UK Court Rules Against Steele Dossier Author Over ‘Inaccurate or Misleading’ Claims

July 8, 2020 Updated: July 8, 2020

A British court on July 8 ordered Christopher Steele to pay damages to Russian businessmen who sued him over claims in one of the memos in Steele’s infamous dossier.

In a lengthy opinion, High Court of England and Wales Justice Mark Warby ruled that Steele and his company, Orbis Business Intelligence, failed to properly verify one of the claims in the memo before disseminating it and ordered Steele to pay more than $22,000 each to two of the three claimants.

Mikhail Fridman, Petr Aven, and German Khan filed a lawsuit against Steele in May 2018, challenging a series of claims he made in Memorandum 112 of his dossier. The judge determined that all of the challenged claims “are inaccurate or misleading as a matter of fact.”

The judge’s ruling against Steele was limited to one of the five claims challenged by the Russian businessmen. Steele took due care to verify the other four claims, the court found. 

“We are delighted with the outcome of this case and that Mr. Justice Warby has determined what we have always known to be the case – that the contents of Memorandum 112 are inaccurate and misleading,” Fridman said in a statement. 

“Ever since these odious allegations were first made public in January 2017, my partners and I have been resolute and unwavering in our determination to prove that they are untrue, and through this case, we have finally succeeded in doing so.”

The judge determined that Steele accurately recorded what he had been told by his source. Warby’s decision is the first legal defeat for Steele, who has faced a battery of legal challenges since the release of the dossier in early 2017.

“Orbis BI are grateful for Justice Warby’s clear and detailed ruling in this case and will ensure that our company’s data handling data handling procedures incorporate his various findings going forward,” Steele’s company said in a statement.

Steele’s dossier contained a series of memos claiming that then-candidate Donald Trump colluded with Russia to influence the 2016 presidential election. The Hillary Clinton campaign and the Democratic National Committee ultimately paid for Steele’s work. The FBI used the dossier in late October 2016 to obtain a warrant to spy on a former Trump campaign associate.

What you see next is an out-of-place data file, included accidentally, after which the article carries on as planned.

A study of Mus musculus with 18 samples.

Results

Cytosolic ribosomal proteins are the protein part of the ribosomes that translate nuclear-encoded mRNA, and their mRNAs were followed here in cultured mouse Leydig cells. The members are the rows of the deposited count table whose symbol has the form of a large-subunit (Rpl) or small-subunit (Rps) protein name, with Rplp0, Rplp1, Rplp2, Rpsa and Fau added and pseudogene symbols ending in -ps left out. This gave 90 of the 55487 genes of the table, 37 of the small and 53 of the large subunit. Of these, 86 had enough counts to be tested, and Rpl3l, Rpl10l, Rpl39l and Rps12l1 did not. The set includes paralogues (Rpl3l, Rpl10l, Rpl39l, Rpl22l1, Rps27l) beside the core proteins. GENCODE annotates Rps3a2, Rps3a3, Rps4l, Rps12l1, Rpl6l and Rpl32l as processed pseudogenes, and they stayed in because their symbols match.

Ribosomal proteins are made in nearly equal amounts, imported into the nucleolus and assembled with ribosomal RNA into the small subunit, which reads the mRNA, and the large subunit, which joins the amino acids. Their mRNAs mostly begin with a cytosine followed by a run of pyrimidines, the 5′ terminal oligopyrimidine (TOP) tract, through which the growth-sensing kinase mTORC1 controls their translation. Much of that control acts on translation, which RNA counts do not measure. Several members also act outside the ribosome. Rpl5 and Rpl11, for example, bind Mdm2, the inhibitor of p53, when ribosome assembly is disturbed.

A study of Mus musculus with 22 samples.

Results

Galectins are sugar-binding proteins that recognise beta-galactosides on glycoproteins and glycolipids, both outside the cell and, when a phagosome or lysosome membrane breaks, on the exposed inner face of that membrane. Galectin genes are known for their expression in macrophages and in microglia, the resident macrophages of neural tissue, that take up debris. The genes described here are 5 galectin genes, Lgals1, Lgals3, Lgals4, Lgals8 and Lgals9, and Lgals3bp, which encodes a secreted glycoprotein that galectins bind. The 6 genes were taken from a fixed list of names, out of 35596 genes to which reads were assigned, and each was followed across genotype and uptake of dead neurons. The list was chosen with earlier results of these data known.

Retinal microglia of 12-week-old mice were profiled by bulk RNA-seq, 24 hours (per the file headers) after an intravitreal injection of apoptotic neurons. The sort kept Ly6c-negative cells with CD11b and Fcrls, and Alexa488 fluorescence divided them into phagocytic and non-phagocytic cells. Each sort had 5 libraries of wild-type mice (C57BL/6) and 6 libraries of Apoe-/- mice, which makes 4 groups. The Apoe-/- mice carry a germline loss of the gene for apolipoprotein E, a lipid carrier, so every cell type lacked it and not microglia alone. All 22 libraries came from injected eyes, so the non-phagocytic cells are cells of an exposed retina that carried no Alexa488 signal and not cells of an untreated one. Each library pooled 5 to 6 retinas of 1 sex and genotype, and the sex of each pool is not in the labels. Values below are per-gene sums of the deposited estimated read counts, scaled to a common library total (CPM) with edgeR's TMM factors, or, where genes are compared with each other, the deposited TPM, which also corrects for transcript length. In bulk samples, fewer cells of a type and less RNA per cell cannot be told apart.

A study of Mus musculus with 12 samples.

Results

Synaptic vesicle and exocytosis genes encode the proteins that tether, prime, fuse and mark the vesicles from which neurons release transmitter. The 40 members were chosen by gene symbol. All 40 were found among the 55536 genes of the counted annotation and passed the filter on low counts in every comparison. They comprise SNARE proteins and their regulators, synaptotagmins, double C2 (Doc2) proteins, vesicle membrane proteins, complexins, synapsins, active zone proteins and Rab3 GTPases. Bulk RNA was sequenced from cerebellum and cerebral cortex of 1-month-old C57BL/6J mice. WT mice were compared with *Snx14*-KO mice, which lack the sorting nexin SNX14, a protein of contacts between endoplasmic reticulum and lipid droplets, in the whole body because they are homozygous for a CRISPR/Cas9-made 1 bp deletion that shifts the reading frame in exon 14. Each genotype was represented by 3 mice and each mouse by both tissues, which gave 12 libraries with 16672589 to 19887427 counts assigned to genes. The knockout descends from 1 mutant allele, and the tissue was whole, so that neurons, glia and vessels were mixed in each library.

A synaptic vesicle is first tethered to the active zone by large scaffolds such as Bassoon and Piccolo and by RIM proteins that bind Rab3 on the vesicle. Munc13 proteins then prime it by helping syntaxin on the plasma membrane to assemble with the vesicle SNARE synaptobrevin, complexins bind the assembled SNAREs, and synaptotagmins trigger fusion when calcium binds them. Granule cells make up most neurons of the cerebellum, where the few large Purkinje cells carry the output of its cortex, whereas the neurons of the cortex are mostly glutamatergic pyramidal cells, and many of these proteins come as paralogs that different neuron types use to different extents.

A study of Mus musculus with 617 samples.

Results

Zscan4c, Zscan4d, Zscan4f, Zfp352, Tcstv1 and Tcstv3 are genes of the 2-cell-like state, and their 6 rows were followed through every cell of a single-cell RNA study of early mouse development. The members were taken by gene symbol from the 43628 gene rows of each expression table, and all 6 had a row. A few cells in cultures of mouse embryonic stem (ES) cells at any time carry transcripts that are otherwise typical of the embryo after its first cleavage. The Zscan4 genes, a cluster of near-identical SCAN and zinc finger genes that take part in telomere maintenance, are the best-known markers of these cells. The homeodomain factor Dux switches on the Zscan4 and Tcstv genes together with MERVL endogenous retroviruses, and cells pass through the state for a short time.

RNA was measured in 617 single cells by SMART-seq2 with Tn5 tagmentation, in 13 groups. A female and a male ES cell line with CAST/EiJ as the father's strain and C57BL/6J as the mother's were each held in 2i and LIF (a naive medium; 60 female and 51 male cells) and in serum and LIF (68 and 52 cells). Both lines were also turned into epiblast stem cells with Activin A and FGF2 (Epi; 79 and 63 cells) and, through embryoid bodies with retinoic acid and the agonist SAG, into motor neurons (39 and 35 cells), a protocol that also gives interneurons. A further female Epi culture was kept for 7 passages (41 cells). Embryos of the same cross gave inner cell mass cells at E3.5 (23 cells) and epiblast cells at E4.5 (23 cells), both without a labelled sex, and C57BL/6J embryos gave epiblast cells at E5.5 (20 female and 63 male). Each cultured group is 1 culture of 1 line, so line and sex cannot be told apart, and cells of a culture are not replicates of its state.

In Memorandum 112, Steele claimed that Fridman, Aven, and Khan—all associates of Alfa Bank—had shadowy links to Russian President Vladimir Putin. Steele was directed to research and write the memo by Fusion GPS, the company that hired him for the dossier work. 

The three men’s potential connections to Putin were of interest to Fusion GPS, the firm came into possession of information on an alleged link between Alfa Bank and Trump Tower. Linking Alfa Bank to Putin would thus bolster the overall thesis of collusion between Trump and Russia. 

The FBI investigated the alleged Alfa Bank–Trump Tower link and found no evidence of wrongdoing.

Last month, Fridman, Aven, and Khan lost an appeal of a dismissal of a defamation lawsuit against Steele in a U.S. court.

The British court proceedings yielded new details about Steele’s meetings with senior U.S. government officials during the 2016 election. The former British intelligence officer told the court that he became convinced that the FBI and the U.S. State Department worked closely together on the bureau’s investigation of the Trump campaign.

A growing body of circumstantial evidence now suggests that Steele’s dossier played a role in the opening of the investigation against the Trump campaign, codenamed Crossfire Hurricane. The probe morphed into the special counsel investigation headed by Robert Mueller, who, after a 22-month inquiry, concluded there was no evidence of collusion between the Trump campaign and Russia.